Yasmani Grandal's Disappointing Suspension Comes at Terrible Time for Padres
After posting an .863 OPS in 226 plate appearances last season, Yasmani Grandal figured to be a key piece of the Padres' offense in 2013. While that likely will still be the case, it won't happen anytime in the first two months of the season.
On Wednesday afternoon, Major League Baseball suspended the 24-year-old catcher for 50 games for testing positive for testosterone, a performance-enhancing drug.
In the wake of an excellent career at the University of Miami, the Cincinnati Reds selected Grandal with the 12th-overall pick in the 2010 draft. A switch-hitter with the potential for an above-average hit and power tool from both sides of the plate, he also possessed arguably the best plate discipline in his draft class.
In 2011, his first full season as a professional, Grandal posted a .901 OPS while playing at three different minor league levels—including four games at Triple-A Louisville to close the year.
But prior to the start of the 2012 season, however, he was traded by the Reds, along with Edinson Volquez, Brad Boxberger and Yonder Alonso, to the Padres in return for Mat Latos. And after only 56 games in the minor leagues with his new team, Grandal was called up in early June to spell an ailing and unproductive Nick Hundley.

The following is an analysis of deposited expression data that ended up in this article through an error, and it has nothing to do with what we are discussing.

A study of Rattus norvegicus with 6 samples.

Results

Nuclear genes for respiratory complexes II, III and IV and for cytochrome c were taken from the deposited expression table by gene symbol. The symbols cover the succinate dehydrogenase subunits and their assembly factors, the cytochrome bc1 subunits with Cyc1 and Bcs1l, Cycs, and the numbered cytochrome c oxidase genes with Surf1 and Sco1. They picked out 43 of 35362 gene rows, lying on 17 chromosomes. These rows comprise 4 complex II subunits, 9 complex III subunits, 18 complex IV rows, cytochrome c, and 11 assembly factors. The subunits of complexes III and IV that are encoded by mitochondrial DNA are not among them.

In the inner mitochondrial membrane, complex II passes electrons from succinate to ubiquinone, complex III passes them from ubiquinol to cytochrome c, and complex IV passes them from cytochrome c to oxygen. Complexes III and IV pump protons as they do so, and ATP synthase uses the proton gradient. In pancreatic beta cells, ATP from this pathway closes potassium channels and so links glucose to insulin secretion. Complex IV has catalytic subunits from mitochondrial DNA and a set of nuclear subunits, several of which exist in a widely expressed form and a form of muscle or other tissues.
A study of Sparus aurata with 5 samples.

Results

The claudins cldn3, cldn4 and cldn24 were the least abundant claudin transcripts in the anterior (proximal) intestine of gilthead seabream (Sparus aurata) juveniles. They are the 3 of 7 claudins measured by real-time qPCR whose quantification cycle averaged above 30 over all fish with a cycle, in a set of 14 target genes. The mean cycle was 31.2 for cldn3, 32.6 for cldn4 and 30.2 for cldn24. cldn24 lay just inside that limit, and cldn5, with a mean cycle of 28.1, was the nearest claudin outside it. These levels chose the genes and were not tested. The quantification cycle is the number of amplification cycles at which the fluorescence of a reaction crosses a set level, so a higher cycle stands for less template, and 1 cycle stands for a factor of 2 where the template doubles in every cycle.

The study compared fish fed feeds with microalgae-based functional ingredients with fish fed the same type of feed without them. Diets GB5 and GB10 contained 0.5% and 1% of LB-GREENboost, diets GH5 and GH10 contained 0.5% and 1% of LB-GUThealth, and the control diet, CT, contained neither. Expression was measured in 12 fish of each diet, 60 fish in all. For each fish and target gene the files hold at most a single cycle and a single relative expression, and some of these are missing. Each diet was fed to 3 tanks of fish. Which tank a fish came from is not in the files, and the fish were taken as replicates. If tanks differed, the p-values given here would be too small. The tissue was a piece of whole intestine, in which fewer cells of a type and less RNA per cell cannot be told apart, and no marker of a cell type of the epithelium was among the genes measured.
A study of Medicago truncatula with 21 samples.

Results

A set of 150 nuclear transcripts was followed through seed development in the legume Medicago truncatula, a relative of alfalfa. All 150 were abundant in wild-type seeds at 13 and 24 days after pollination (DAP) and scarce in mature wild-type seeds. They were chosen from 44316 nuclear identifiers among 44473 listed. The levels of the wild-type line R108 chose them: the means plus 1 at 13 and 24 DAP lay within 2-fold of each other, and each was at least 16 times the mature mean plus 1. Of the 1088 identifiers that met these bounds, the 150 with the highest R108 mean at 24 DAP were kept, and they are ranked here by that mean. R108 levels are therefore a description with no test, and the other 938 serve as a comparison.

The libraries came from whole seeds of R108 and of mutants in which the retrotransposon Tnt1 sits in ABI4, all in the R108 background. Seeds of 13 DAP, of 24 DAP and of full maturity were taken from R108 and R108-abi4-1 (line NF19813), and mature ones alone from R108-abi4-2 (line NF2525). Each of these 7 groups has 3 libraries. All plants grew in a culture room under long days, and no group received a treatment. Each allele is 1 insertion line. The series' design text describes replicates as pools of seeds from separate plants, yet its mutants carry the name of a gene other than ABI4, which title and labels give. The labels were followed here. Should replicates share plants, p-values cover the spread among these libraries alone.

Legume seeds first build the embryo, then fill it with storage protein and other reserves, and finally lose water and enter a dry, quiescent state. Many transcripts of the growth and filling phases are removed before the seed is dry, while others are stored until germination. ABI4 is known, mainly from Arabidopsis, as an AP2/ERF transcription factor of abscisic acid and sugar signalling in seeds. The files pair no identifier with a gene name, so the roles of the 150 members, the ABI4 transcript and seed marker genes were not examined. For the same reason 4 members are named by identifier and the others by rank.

So after his quick ascent to the major leagues and subsequent success, Grandal had the potential to be one of the better offensive catchers in the game in 2013. Although he’ll presumably still have the opportunity to play in roughly 100 games, his absence is a tough blow for the Padres.
Not only do they lose a heart-of-the-order, switch hitter at a premium position, but they may also miss out on trading Nick Hundley this offseason.
At the onset of the 2012 season, the organization signed the 29-year-old to a team-friendly three-year, $9 million guaranteed contract through the 2014 season. But with Grandal’s suspension, it’s highly unlikely that the Padres will trade him considering he’s now their starting catcher—at least for the first 50 games.
Furthermore, they now lack sufficient protection in their batting order for Chase Headley considering that Grandal batted either fourth or fifth in 41 of his 60 games.
While the suspension seemingly will not impact his overall development, the nature of the suspension as well as its timing reflects selfishness and poor judgment, as everyone will now be forced to wait until 2014 to see what Grandal can accomplish over the course of a full season.